Average Canadian house worth $504,458 in June, down 10% since April
Sales and prices have both declined since peaking earlier this spring
Home sales fell in June by their largest amount in seven years, the Canadian Real Estate Association said Monday, as nearly three-quarters of all markets slowed down during what is normally the most popular time of the year for real estate.
CREA said home sales fell by 6.7 per cent last month compared to May — the sharpest monthly decline since 2010 and the third straight monthly contraction.
Home sales have now fallen 14 per cent since peaking in March. The April to June period is typically a busy time for home sales as the warmer weather tends to bring out buyers.
Prices down, too
More than 70 per cent of all markets saw fewer homes sold in June than they did in May. But Ontario makes up a large percentage of Canada's housing market, and new rules aimed at slowing the housing market in and around Toronto starting in April appear to be impacting the national numbers.
"Changes to Ontario housing policy made in late April have clearly prompted many home buyers in the Greater Golden Horseshoe region to take a step back and assess how the housing market absorbs the changes," said CREA's chief economist, Gregory Klump. "The recent increase in interest rates could reinforce a lack of urgency to purchase or, alternatively, move some buyers off the sidelines before their pre-approved mortgage rate expires."
While sales have dropped, prices on average are flat on an annual basis. The average price of a Canadian home sold in June was $504,458, a 0.4 per cent increase in the past year.
But that figure has dropped by nearly 10 per cent from the $559,317 average price in April.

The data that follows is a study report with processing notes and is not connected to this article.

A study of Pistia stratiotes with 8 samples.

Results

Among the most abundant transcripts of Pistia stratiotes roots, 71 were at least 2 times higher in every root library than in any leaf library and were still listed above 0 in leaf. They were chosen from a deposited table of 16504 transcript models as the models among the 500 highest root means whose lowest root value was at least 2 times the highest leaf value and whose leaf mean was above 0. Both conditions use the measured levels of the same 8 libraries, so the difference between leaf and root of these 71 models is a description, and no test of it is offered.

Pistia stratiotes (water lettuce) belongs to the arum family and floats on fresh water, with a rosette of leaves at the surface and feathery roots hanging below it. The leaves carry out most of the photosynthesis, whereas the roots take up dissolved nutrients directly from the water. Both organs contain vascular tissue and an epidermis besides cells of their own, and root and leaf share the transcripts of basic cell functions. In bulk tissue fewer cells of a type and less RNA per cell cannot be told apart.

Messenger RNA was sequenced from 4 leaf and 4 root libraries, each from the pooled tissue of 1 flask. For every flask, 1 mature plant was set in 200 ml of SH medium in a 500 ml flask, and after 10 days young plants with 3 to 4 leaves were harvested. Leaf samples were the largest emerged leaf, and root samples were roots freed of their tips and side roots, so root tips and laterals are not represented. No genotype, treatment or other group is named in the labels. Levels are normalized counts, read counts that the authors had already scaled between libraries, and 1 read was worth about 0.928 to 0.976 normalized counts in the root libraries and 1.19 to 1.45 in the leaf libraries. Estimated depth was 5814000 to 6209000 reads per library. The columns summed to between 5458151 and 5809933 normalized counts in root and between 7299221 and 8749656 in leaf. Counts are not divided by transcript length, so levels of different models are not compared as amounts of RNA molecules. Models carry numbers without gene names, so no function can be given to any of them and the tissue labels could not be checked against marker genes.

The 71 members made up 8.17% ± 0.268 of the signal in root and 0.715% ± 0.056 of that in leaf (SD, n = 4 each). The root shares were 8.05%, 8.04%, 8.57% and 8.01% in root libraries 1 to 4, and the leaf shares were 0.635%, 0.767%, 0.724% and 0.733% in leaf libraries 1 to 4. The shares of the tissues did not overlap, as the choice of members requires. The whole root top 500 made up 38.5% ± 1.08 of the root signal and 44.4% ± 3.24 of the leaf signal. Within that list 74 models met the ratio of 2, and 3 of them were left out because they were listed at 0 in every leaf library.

"The Canadian housing market is now in its third month of what is expected to be a soft landing," TD Bank economist Diana Petramala said of the numbers. "The weakness was triggered by changes to provincial and federal housing policy, but it will ultimately be higher interest rates that help solidify it."
On a seasonally adjusted basis, the average house price rose in June in Alberta, Manitoba, New Brunswick and Prince Edward Island. In every other province, the average declined compared to the previous month.
Prices have been skewed higher for a long time by the hot Toronto and Vancouver markets, but the price in both fell in June compared to May, dragging down the national figure.
If those two cities are stripped out, the average Canadian house cost $394,660 in June. A year ago, that figure stood at $374,760, which means excluding Toronto and Vancouver, average Canadian house prices have increased by just over five per cent in the past 12 months.
Nationally, Petramala expects prices to decline slightly into next year, but the national average will mainly be lower because of a cooldown in British Columbia and Ontario.
"Elsewhere in the country, the improving economic conditions should help offset some the impact of gradual interest rate hikes, with home prices and sales expected to trend higher," she said.